The Herald Sun decides to mock a bereaved son for paraphrasing song lyrics in a tribute to his dead mother, just because that son happens to be a convicted murderer. Would any other person who used a line from a song or poem in a death notice be accused of “ripping off” the artist? Isn’t using such lines from songs and poems in death notices in fact so commonplace that it shouldn’t be worth mentioning, unless it is to score a cheap point about how gauche it is to use lines from a pop song instead of from the literary canon (as if they wouldn’t have mocked him for presumption if he’d quoted Keats or Shakespeare)?
The “rips off Celine Dion” headline may be down to a sub-editor, but article author Paul Anderson felt compelled to make the point that Barbara Williams, mother of Carl Williams, used “cheap” champagne to wash down the medication that caused her death. Again, if she’d been drinking Dom Perignon he’d almost certainly be making an issue out of that as well. No wonder this paper is nicknamed “the Hun”.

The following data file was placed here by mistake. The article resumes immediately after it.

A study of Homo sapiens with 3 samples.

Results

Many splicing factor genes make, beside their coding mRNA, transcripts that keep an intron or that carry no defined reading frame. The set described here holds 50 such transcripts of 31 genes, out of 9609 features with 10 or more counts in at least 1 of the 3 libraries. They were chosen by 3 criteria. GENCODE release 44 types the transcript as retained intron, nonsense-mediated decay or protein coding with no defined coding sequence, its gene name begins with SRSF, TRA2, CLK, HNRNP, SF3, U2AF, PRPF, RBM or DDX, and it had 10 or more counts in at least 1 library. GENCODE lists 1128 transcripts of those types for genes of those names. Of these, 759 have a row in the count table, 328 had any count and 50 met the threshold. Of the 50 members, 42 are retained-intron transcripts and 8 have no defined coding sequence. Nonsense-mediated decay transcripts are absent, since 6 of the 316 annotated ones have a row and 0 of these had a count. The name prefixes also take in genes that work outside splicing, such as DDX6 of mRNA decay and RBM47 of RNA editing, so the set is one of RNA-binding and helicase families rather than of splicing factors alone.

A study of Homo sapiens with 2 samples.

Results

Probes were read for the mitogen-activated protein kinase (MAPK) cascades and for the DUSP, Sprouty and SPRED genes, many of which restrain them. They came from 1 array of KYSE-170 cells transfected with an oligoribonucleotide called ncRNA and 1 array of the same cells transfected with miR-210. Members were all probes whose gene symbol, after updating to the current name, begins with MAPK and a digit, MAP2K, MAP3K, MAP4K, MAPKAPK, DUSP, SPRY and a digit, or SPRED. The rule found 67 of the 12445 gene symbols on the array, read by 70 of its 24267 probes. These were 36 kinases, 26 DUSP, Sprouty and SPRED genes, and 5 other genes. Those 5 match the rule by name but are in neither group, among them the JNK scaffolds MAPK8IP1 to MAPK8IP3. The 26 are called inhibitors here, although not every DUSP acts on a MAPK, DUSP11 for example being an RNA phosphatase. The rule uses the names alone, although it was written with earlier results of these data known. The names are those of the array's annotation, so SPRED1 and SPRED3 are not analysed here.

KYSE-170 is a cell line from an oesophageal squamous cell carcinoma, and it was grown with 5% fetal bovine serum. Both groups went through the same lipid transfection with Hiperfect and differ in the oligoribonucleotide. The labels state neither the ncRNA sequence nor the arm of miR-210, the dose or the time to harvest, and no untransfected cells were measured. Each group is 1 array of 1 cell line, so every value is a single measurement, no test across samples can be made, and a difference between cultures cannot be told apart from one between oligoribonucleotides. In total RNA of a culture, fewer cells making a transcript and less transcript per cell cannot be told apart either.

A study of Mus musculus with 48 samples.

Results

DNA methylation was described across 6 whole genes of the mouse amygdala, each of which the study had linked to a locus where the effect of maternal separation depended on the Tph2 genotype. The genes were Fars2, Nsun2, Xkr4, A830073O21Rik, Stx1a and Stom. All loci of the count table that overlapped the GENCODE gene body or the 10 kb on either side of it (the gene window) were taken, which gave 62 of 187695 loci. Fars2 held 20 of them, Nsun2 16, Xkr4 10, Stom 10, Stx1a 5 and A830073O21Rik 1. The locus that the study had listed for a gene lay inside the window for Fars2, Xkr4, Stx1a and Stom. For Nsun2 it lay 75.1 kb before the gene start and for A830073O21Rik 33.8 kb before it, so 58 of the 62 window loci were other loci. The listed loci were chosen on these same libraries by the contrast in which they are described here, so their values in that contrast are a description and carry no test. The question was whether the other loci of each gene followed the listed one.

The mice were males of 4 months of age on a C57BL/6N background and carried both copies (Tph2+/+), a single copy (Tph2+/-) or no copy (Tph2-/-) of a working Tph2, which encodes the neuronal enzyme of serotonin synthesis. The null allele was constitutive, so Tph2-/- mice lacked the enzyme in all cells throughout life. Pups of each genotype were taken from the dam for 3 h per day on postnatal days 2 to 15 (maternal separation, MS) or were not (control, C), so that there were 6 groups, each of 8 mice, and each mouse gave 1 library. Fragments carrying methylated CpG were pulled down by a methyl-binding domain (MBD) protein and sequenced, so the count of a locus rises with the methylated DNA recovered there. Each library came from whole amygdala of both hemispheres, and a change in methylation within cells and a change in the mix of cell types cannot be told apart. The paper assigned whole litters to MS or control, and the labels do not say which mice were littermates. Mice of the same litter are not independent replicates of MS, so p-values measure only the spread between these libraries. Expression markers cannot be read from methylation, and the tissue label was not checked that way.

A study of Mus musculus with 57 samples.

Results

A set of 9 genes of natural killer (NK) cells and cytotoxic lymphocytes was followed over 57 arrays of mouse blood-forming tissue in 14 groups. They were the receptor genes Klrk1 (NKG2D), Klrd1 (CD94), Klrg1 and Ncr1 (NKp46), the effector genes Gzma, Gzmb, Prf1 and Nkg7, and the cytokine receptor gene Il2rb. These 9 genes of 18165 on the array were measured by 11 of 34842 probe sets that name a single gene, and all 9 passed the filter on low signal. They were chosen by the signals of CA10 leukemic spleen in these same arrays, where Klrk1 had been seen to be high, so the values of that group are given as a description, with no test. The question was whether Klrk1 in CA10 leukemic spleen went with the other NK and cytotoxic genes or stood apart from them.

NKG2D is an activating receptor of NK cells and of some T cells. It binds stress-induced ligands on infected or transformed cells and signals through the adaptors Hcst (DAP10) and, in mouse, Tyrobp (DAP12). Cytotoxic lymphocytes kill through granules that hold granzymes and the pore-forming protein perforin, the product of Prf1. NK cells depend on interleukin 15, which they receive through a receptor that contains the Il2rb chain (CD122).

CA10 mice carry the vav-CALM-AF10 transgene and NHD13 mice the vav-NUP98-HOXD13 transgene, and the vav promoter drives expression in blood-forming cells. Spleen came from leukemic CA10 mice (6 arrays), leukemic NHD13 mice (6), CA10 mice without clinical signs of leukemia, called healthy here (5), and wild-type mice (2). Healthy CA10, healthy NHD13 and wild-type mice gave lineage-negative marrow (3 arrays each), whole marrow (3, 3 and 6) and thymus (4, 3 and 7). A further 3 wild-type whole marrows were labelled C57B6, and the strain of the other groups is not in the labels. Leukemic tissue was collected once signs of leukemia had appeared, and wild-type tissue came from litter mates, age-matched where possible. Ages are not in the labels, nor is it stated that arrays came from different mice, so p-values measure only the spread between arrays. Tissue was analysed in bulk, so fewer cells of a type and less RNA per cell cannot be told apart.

The various emotional arguments that Carl Williams doesn’t “deserve” to go to his mother’s funeral because of his own murderous acts fail on logical grounds. Sure, the man is an incredibly unsympathetic figure due to his ruthless killings. However, if criminals generally are given leave to attend the funerals of family members, as I believe they are, then Williams too should be allowed to attend his mother’s funeral.
Capricious exceptions to general rules based on emotional outcries are not the hallmark of a society that respects the rule of law. People owe it to themselves to be better than this.